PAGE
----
Brain preparedness: The proactive role of the cortisol awakening response in hippocampal-prefrontal functional interactions
SourceProgress in Neurobiology, 205, (2021), article 102127
Article / Letter to editor
Progress in Neurobiology
Subject130 000 Cognitive Neurology & Memory; Radboudumc 13: Stress-related disorders DCMN: Donders Center for Medical Neuroscience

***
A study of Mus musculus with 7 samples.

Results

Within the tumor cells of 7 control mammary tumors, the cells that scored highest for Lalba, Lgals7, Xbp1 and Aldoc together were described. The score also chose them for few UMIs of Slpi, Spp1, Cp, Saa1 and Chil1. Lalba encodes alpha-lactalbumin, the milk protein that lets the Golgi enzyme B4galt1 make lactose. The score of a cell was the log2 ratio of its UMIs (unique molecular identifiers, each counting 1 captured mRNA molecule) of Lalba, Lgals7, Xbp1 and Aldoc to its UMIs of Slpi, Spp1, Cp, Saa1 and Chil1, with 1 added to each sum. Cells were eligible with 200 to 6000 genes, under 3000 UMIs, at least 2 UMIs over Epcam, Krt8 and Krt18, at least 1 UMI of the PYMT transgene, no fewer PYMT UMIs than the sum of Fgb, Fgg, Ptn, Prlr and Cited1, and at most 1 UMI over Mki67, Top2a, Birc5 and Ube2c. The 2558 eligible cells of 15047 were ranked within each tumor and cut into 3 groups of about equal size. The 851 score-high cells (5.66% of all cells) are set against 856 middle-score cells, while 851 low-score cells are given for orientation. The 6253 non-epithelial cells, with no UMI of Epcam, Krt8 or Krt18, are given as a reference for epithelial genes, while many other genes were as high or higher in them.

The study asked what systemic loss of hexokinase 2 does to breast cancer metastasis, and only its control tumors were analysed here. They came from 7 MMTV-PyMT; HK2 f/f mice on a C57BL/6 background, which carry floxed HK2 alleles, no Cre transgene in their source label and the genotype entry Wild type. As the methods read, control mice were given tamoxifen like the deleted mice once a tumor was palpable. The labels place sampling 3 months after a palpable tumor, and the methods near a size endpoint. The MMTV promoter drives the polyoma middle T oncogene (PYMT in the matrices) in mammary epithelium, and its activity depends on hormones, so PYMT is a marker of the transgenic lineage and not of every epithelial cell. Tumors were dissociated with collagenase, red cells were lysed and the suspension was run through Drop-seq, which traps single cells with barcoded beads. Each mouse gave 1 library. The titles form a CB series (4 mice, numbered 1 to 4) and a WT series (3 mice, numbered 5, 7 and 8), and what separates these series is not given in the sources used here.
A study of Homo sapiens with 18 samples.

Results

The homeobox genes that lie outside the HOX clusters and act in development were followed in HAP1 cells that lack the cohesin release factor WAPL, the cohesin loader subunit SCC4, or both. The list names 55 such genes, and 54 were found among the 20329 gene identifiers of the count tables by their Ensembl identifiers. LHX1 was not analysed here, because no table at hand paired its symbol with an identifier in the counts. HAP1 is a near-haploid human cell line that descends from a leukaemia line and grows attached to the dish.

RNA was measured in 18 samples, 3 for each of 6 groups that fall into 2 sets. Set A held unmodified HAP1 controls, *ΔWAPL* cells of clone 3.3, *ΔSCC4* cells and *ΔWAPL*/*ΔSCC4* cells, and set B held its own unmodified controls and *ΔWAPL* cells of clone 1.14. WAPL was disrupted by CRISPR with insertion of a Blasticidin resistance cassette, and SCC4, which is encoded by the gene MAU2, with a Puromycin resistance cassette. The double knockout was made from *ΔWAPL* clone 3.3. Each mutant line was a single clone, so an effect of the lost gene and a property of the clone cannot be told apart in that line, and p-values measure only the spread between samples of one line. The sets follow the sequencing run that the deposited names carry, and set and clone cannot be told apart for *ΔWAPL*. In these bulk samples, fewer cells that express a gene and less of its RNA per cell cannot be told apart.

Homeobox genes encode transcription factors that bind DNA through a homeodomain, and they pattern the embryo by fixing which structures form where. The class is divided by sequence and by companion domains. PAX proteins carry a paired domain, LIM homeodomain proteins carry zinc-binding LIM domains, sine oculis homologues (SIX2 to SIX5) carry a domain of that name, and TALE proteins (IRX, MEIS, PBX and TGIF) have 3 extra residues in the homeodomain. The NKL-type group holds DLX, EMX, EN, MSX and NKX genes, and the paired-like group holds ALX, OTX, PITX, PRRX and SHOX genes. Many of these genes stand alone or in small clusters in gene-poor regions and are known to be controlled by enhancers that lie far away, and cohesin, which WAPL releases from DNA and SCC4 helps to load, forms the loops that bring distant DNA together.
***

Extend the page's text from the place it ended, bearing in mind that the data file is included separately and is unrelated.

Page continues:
Upon awakening from nighttime sleep, the stress hormone cortisol in humans exhibits a robust rise within thirty to forty-five minutes. This cortisol awakening response (CAR), a crucial point of reference within the healthy cortisol circadian rhythm, has been linked to various psychological, psychiatric and health-related conditions. The CAR is thought to prepare the brain for anticipated challenges of the upcoming day to maintain one's homeostasis and promote adaptive responses. Using brain imaging with a prospective design and pharmacological manipulation, we investigate the neurobiological mechanisms underlying this preparation function of the CAR across two studies. In Study 1, a robust CAR is predictive of less hippocampal and prefrontal activity, though enhanced functional coupling between those regions during a demanding task hours later in the afternoon. Reduced prefrontal activity is in turn linked to better working memory performance, implicating that the CAR proactively promotes brain preparedness based on improved neurocognitive efficiency. In Study 2, pharmacologically suppressed CAR using Dexamethasone mirrors this proactive effect, which further causes a selective reduction of prefrontal top-down functional modulation over hippocampal activity. These findings establish a causal link between the CAR and its proactive role in optimizing functional brain networks involved in neuroendocrine control, executive function and memory.